Looking to make a career change? It IS possible — so long as you consider these lessons from someone who’s been there.
I know I thought it was nearly a year ago when I was stuck in a teaching career I just didn’t find rewarding. I wanted out, but there were so many unknowns: What else was I qualified to do? What did I want to do? Would I even be able to get an interview let alone an actual job?
I read a million articles on career changing and found the advice to be largely, well, vanilla. Nothing they suggested seemed like advice for real life! And while trading one line of work for another is inherently difficult, there are a few things I learned along the way that actually made my transition a little smoother.
You’re Not as Young as You Used to Be
Sad, isn’t it? But true. And if you’re a career-changer, the chances of you working for someone younger than you are rather high.
But don’t let your ego get in the way! What you lack in field experience, you’ll make up for in life experience and maturity. So keep your head down and be patient with your younger superiors. Because you have general work experience, you’ve been able to develop interpersonal and time management skills that will serve you well in any career.
So let go of the age issue and put in your time. Let yourself learn from the younger folks, and trust that you’ll catch up.
Money Isn’t Everything
OK, OK, I know money is important. However, if you’re entering a new field with little-to-no experience, you can’t demand a high salary.
That’s right: you’re probably going to have to take a pay cut. Spend some time researching entry-level salaries in the field you’d like to pursue and decide if it’s even a possibility for you financially. If you get an offer that’s lower than you’d like, don’t be afraid to ask for more, but tread lightly—you don’t want to scare off a potential offer!
It’s also worth asking whether or not there’s room for growth, stock options, and an insurance plan. All factor in to your overall budget. Consider, too, that you could always take on a second job, like freelancing, in the interim. You’ll be busy, but at least you won’t be broke – and you’ll be doing something you actually enjoy.
The reality is, there aren’t jobs everywhere. Depending on the field you want to pursue, you might have to consider a move, and you might have to fund it yourself.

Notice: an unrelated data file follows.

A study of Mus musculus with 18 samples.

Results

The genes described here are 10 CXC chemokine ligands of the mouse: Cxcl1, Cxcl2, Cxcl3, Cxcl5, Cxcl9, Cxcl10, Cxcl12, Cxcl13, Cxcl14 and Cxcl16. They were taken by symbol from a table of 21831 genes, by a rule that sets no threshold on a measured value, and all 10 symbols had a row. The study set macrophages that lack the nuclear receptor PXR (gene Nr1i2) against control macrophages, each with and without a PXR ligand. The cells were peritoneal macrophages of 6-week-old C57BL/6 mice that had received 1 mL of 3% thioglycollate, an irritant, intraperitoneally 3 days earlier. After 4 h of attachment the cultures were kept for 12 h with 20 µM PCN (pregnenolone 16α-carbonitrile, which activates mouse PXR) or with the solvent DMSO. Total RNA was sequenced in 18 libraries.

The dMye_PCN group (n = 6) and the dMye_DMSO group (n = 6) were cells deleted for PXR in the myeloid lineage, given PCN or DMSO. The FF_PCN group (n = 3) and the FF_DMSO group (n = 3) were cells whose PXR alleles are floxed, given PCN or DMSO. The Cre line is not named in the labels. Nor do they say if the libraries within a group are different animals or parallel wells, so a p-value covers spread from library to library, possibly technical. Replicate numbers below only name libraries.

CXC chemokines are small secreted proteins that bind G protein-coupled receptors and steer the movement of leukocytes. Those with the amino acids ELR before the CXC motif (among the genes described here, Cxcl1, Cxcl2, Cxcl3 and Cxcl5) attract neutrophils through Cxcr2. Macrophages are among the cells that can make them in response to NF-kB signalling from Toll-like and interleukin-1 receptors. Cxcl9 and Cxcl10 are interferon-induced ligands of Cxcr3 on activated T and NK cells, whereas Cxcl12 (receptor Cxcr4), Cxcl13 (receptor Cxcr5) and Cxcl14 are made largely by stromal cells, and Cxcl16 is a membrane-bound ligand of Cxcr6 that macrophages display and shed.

This might seem like a lot to take on, especially if you’re taking a pay cut, too. But if you can swing it, being mobile makes your job prospects that much greater.
I had to fund my own move across several states, but was able to do it relatively inexpensively by enlisting the help of family, driving the moving truck myself, and getting my new landlord to lower my security deposit. Moving isn’t fun or easy, but in this case, it was worth it.
Invest in Yourself
Find classes, webinars, or networking events where you can work on your professional development. A lot of opportunities are offered free or at low cost either on the web or through local community centers.
I was able to learn some basic HTML skills and a lot about social media via free classes and webinars online. LinkedIn is also a great resource for professional development communities and networking. Use your resources and spend time (and maybe a little money) to add some skills to your resume.
Will Work for Experience!
Intern. Apprentice. Do something pro bono for the community. Maybe there’s no pay involved, but can you really put a price on resume builders?
The answer is no! Make the time to gain some experience and hone your skills by working for free. While many internships are offered to college students, a lot of smaller companies are happy to have extra help from anyone willing to give it.
Search for local businesses in your field of interest, call them up, and offer your services. You’ll gain valuable work experience and make connections along the way.
The added bonus to this is that you get to try out the job. If you find it’s not for you, you haven’t lost anything.
Are you trying to make a career change? What’s the most challenging part for you?
Melissa Woodson is the community manager for @WashULaw, one of the premier LLM programs offered through Washington University in St. Louis. In her spare time, she enjoys running, cooking, and making half-baked attempts at training her dog.